While it's nothing compared to what our neighbors up north experience, Madison County does get cold weather and even freezes in some areas. Proper planning and care can make the difference between the life and death of landscape plants. Different plants freeze and die at different temperatures. That is why they are given a hardiness rating. Some plants produce special hormones that keep them from freezing, and these plants have a lower hardiness rating (meaning they can survive colder weather) than plants who produce less of this hormone. That being said, there are also different definitions of survival. A plant may lose all its foliage during a freeze, and some can regrow from the stems or even the roots. So, while the leaves cannot survive a certain temperature, other parts of the plant can.

Before a freeze, move tender potted plants to warmer, sheltered areas. Move any potted plants into your home, garage, shed or other structure. If a potted plant is too big or heavy to move inside, take the same steps you would to protect your other outdoor plants and cover it overnight.

Check your inventory of plant covers and frost blankets so that you'll be prepared when the time comes. Cover any delicate landscaping, such as flowers, vegetables and citrus plants, in the evening before a freeze. This will help to insulate your plants at night when the temperature drops. Consider using old bed sheets, plastic sheets, towels or blankets as covers. The heavier the cover, the better, but avoid draping a cover over a plant that can’t support the weight. For your smaller plants, consider placing a cage around them and drape your cover over the cage. Remember to anchor your covers so they’re as “airtight” as possible. You don’t want to remove your covers too early in the morning. Removing your cover too early can cause your plants to thaw more quickly and can cause severe damage.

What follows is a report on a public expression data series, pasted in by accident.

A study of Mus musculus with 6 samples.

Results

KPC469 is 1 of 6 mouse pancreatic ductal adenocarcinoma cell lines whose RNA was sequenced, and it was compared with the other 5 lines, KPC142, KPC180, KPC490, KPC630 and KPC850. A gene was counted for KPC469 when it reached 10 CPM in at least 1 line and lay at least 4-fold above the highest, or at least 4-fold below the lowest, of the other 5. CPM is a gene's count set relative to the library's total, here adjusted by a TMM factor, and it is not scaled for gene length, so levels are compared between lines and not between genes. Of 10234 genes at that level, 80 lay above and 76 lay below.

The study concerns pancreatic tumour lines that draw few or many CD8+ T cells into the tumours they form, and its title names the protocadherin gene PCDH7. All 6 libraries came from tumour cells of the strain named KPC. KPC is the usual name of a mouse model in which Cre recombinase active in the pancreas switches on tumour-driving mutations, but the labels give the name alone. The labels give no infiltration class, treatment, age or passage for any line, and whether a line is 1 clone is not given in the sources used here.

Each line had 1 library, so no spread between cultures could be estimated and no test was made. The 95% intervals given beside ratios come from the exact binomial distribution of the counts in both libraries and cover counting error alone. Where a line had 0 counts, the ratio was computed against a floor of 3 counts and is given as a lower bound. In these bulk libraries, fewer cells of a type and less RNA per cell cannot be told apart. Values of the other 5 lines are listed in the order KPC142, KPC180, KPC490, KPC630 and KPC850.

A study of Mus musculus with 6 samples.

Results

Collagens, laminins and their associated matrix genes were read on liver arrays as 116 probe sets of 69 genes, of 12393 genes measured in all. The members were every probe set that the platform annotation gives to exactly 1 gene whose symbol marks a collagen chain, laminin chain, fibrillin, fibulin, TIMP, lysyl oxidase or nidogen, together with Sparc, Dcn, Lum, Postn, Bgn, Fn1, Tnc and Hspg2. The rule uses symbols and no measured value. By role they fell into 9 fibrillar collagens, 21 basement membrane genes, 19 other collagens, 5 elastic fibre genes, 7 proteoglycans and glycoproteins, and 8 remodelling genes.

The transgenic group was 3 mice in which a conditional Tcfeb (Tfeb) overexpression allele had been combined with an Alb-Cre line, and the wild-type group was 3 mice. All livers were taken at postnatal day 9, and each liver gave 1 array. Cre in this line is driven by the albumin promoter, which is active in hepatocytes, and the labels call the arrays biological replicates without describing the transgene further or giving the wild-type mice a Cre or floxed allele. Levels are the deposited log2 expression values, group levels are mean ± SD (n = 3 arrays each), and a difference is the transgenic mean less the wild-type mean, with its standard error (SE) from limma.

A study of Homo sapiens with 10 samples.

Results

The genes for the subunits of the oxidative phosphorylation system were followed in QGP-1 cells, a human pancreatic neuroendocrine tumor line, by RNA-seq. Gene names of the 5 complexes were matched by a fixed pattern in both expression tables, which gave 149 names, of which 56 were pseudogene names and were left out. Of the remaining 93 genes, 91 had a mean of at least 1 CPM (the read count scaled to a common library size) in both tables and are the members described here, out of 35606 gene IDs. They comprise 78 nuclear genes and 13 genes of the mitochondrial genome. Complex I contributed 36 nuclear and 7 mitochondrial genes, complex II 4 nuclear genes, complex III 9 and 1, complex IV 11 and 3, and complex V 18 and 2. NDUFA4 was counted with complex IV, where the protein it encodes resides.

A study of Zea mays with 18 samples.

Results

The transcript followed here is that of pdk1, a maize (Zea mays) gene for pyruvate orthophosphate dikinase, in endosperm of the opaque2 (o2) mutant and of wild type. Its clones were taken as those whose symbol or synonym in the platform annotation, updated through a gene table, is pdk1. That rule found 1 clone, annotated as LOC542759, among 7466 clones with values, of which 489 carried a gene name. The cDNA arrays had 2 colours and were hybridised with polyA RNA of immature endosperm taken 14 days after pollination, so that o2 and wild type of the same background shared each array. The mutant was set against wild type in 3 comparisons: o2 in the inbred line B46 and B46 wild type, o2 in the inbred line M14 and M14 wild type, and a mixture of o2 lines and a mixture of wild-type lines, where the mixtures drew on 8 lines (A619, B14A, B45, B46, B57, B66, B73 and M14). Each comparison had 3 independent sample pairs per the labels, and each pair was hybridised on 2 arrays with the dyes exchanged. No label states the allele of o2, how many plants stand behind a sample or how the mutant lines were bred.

Remember, don't fertilize cold-sensitive plants in the late fall or winter. Fertilizer application will encourage new growth, which is especially susceptible to cold injury. Proper care throughout the year will give your plants an edge in cold weather. Plants tolerate cold temperatures better and recover from injury faster when they're healthy. If, despite your efforts, your plants are damaged by cold, don't be too hasty to prune away the damage; just wait for spring. Cold-injured plants will sprout below the damage so you can accurately assess exactly where to prune.

Freezes are not ideal for our plants and we can’t prevent them. We can, however, take steps to protect our plants. For more information contact us at 706-795-2281 or clh@uga.edu.

Carole Knight is Madison County’s Agriculture and Natural Resources Agent.